Alfred Morris finished Thursday's practice with a harsh evaluation. The Washington Redskins don't wear pads at organized team activities and tackling is not permitted, but that didn't diminish the opportunity he and his teammates had in the scorching heat.
"Made some mistakes," the second-year running back said. "But if you don't make mistakes, how can you learn?"
Morris is out there perfecting the nuances that escaped him during his historic rookie year, and that means he's getting better.
"My tracks weren't always good," he said of last season. "I sometimes missed cuts, not being as patient. In that sense, I left a lot of yards on the field."
Left yards on the field? Heck, he gained 1,613, the third-most ever for a rookie. How many more could he have expected?
That's Morris' mindset, though, and it's particularly important given quarterback Robert Griffin III's recovery from right knee ligament surgery.
Morris benefited last season from how opposing defenses slowed to defend against the threat Griffin posed as a runner. If the Redskins, in an attempt to preserve Griffin's health, reduce their use of the zone-read option to the extent defenses stop respecting it, Morris would face more eight-man fronts keyed on stopping him.
Coach Mike Shanahan has continued to preach the value of the zone read as it relates to slowing defenses, so it seems unlikely the Redskins would take it out of their arsenal. If it came to such a drastic measure, though, Shanahan is convinced Morris is capable of replicating his rookie production.
"He's got a unique talent," Shanahan said. "He can make people miss. Very few people can make people miss consistently, at least the first person, before he gets tackled. He's got the type of power and leg drive that you look for in a running back, and, knock on wood, he's been able to stay healthy with those types of shots. I think it's the low center of gravity, it's how he runs, and hopefully he can keep on doing that."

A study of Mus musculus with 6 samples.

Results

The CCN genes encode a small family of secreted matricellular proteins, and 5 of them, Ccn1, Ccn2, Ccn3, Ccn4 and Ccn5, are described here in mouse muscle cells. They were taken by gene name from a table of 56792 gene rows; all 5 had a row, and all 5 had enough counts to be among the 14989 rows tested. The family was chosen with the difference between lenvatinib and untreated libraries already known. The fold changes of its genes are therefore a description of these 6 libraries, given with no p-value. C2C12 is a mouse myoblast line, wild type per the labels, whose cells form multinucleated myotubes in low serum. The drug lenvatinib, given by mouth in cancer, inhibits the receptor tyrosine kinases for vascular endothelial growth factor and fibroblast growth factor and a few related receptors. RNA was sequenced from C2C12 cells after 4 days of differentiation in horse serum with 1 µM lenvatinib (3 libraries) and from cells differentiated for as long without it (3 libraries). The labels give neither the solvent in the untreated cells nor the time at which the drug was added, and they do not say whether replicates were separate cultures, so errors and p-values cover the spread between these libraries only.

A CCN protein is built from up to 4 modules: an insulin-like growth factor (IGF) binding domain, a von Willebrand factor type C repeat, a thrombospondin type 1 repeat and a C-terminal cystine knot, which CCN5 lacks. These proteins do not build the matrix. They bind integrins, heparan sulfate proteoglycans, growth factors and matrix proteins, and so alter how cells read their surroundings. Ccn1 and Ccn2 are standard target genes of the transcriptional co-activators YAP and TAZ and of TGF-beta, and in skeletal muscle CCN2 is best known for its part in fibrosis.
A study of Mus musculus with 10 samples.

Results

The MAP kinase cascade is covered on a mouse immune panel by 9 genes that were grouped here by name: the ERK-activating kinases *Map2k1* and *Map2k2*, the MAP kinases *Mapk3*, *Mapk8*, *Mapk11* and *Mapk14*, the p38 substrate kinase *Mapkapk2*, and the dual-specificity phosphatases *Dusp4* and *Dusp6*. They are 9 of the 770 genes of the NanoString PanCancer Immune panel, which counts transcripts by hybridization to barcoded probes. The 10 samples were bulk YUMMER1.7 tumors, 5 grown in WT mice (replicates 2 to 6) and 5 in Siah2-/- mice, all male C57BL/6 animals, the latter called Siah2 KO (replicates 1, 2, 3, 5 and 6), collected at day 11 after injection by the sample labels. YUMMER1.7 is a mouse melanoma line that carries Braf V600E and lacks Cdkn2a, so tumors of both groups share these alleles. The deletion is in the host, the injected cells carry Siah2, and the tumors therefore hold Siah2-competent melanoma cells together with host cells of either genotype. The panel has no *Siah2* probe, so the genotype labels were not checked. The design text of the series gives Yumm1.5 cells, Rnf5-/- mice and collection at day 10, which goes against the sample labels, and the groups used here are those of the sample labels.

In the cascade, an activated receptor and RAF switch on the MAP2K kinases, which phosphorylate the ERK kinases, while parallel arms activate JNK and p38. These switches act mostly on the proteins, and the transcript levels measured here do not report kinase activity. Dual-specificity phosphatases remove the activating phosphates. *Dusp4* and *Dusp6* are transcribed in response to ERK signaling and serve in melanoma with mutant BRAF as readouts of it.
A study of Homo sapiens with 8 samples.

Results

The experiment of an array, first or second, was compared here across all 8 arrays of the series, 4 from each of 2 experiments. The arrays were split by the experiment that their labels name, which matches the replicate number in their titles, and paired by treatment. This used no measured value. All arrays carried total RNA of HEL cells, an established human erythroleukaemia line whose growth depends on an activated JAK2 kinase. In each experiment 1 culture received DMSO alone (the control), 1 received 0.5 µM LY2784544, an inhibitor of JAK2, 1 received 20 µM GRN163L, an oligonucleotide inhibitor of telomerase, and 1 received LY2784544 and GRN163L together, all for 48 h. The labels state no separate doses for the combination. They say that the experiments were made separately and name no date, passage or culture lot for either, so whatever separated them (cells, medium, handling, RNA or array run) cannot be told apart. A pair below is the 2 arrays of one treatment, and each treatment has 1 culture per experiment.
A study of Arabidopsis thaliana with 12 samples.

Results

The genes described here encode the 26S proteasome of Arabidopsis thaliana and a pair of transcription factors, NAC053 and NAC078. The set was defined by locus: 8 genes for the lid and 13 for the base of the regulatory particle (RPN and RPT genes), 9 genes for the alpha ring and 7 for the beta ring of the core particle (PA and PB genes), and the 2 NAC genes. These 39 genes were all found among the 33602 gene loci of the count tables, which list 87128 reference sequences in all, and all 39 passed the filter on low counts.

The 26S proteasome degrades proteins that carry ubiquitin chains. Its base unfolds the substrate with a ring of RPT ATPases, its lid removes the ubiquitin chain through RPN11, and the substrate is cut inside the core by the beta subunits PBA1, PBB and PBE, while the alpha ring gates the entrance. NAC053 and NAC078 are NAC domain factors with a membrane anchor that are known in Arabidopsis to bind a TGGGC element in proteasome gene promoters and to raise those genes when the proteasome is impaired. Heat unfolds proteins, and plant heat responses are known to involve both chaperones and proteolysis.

Washington's 17-point win at Cleveland in December is the truest measure of Morris' ability to excel without Griffin in the backfield. An injured Griffin watched from the sideline as Morris gained 87 rugged yards and two touchdowns on 27 carries. His 3.2-yard average was his second-lowest of the season.
He had only 18 yards on nine carries in the first half, as Redskins coaches repeatedly fed him the ball against a wall of Cleveland defenders. Eventually, though, that commitment to the run set up the play-action pass for quarterback Kirk Cousins. That formula served as the foundation of the offense Shanahan ran before Griffin arrived.
"When you put an offense together, if it's for Alfred or whoever your tailback is, there's a lot of things you could do that complement your running game — quarterback keeps, play-action passes; could be the zone read," Shanahan said. "Alfred is going to gain yards no matter what type of offense we run."
Griffin shares that expectation because of how hard Morris runs and how he gains yards after contact. Griffin bristled at the suggestion his ability to run contributed to Morris' production.
"I think that's real selfish of anyone to say," Griffin said. "You can say the offensive line, you can say me, you can say the receivers blocking, but that doesn't take away from the player that he is because it doesn't matter how big the hole is, there are still guys out there trying to hit him, and he's bouncing off them."
Morris was much more willing to give Griffin some credit, saying, "It was a perfect marriage, man."
Regardless of Griffin's health, though, or how the Redskins deploy their franchise quarterback, Morris understands he won't surprise opponents this season.
He's not the 173rd pick anymore. He's the powerful back who finished second in the NFL in rushing yards.
"I love a challenge," he said. "I'm looking forward to raise that bar even higher this year."